I now know it by heart. Brooklyn Heights, that is. It takes 35 minutes by cab from where I live on the Upper East Side, and approximately $30. I even walked to the Heights once. One hour down the FDR, turn left on to Brooklyn Bridge, dodge the aggressive bikers and avoid the vendors; it’s a 20-minute crossing, give or take ten minutes depending on the crowds. Once you’re over, turn right and you’re there. The Heights are sedate, leafy streets with fine old homes turned into apartments, lush gardens and lofty harbor views. It feels like a staid patrician neighborhood where time has stood still since the turn of the 20th century.
Brooklyn Heights was farmland when enterprising Heights property owners began to sell off plots for country retreats to the Manhattan elite. Mansions of brick and stone went up and in 1883 came the Brooklyn Bridge. With it came rooming houses, machine-shops and factories. Waves of immigrants poured in. The Brooklyn Navy Yard went up. There were bohemians and hustlers and hookers and muggers too. The patricians fled, as they always do. Bars and rowdy taverns greeted the sailors and ruffians down by the water. This was the place that Norman Mailer’s mother chose to buy into, and where the novelist lived until his death in 2007. His son Michael still lives there, hence my acquaintance with it. The Heights were the fictional home of Clark Kent, Superman, and also the fictional setting for Willy Loman’s adulterous affair in Arthur Miller’s Death of a Salesman. Miller lived nearby before heading north where he met Marilyn Monroe.
The social terrorist Truman Capote lived in a basement flat at 70 Willow Street at a time when he could write good fiction. He moved to Manhattan, where he met all sorts of swells. He took pills and drugs and drank like an Irishman, and his talent went missing. He died bloated and unable to string a sentence together verbally or on paper. That should be a lesson to all of us. In 1950 the greatest destructionist since Genghis Khan, Robert Moses, proposed to obliterate the Heights with an expressway straight through them, but Mailer and his ilk managed to limit the damage. Still, the city planner wreaked havoc. Houses that were once home to W.H. Auden, Gypsy Rose Lee, Benjamin Britten and Paul and Jane Bowles went down the tubes. Walt Whitman and Hart Crane lived in the Heights and, as I wrote recently, if General Howe had been looking down at the East River back in 1777 instead of carousing with his beloved brother, the admiral, he would have seen the ragtag army of George Washington fleeing the Heights in silence for the safety of Manhattan.
Brooklyn Heights is back in fashion now because there is no more East Village, as in Greenwich Village. The one-time haunt of every bohemian artist and writer, it has now been ‘gentrified’ by social climbers, film stars and billionaires who wish to be looked on as cool. Prices have gone through the you-know-what. Hotels in the village are packed with tourists. The streets are jammed with shoppers, the restaurants and clubs filled to the brim with freaks and wannabes. The French Connection was filmed in Brooklyn Heights, including the crucial drug-smuggling scene on the waterfront below the Heights. As was that wonderful movie Moonstruck, starring Cher and Nicolas Cage.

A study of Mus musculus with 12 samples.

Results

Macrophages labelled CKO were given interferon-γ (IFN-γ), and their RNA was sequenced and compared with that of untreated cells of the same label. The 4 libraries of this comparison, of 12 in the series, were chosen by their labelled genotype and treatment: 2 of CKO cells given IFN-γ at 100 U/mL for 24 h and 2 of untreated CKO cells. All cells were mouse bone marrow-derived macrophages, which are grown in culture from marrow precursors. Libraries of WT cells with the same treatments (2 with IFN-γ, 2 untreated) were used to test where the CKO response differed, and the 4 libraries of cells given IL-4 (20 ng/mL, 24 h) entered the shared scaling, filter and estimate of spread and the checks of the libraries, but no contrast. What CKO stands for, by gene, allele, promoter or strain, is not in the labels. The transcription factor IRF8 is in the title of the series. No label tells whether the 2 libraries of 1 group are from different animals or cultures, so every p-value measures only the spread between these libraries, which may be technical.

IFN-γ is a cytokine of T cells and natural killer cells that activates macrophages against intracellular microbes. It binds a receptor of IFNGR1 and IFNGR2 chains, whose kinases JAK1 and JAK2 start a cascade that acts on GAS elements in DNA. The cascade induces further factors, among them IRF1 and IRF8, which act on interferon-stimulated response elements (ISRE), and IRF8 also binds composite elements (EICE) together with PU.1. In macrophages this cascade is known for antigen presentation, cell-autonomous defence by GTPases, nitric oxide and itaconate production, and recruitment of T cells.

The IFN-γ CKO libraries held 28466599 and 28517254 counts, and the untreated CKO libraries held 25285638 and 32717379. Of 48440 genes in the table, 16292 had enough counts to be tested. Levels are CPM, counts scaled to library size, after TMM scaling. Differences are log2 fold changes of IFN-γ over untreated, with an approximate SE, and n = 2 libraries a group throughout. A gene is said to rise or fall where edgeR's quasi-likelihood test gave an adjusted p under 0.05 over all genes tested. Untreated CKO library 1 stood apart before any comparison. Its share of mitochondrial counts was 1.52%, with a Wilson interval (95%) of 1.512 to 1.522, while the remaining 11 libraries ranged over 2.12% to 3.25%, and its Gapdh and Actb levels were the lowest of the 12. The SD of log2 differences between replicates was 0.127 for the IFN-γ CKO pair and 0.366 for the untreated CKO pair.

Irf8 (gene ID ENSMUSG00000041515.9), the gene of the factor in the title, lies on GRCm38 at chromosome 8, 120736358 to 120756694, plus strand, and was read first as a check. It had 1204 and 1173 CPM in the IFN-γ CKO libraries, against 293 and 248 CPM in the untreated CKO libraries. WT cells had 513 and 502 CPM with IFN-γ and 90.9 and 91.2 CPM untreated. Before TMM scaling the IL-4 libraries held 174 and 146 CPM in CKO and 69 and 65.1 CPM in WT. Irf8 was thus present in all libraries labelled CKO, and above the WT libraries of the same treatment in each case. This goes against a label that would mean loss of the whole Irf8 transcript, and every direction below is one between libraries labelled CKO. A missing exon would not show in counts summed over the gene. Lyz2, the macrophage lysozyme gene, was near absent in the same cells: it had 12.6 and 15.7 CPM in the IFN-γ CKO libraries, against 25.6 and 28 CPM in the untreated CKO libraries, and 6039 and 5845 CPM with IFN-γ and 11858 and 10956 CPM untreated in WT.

The ideal city living is the village life. As in London of yesteryear, where communities knew each other from birth to death, and sections of the city felt like urban villages, New York’s varied boroughs — Chinatown, Greenwich Village, Germantown, Hell’s Kitchen, Little Italy, even Park Avenue — felt like a village. No longer. I will never forget when one of my father’s employees took me to Brooklyn as a teenager, to a crumbling edifice called Ebbets Field, home of the Brooklyn Dodgers. Locals back then spoke Brooklynese: a bird was a boid and Thirty-third street was toirty-toird. People drank beer in the bleachers and a ticket cost 65 cents. The scoreboard was hand-operated and when a particular disaster took place on the field, the operator sometimes didn’t put it on the board until ordered to do so by the umpire. Abe Stark’s haberdasher sign advertised that if you hit the scoreboard with a home run, you would win an Abe Stark suit of clothes. Not many did. Fans would scream at the opposition benches after a rare Dodgers victory: ‘Eatcha heart out, ya bum.’
The place was heaven, though I was a Yankees fan. I had met Joe DiMaggio and become friendly with Mickey Mantle, two of the greatest ever, but still I felt bad for the beloved bums of Brooklyn — until they committed the greatest betrayal ever by going Hollywood on us and moving to Los Angeles. The Los Angeles Dodgers are now big-time and have just been to the World Series, as it’s called. They draw millions each year but have as much soul as Anna Wintour. Their announcer speaks perfect English and I hate him for it. I’ll take Tex Rickards any day, the grammatically challenged Brooklyn announcer who regularly reminded fans: ‘Don’t throw nuthin from the stands.’ And when he spotted overheated fans hanging their coats on the outfield fences, he warned them: ‘Will the fans along the left field please remove their clothes?’
Ah, Brooklyn! I miss you.
This article was originally published in The Spectator magazine.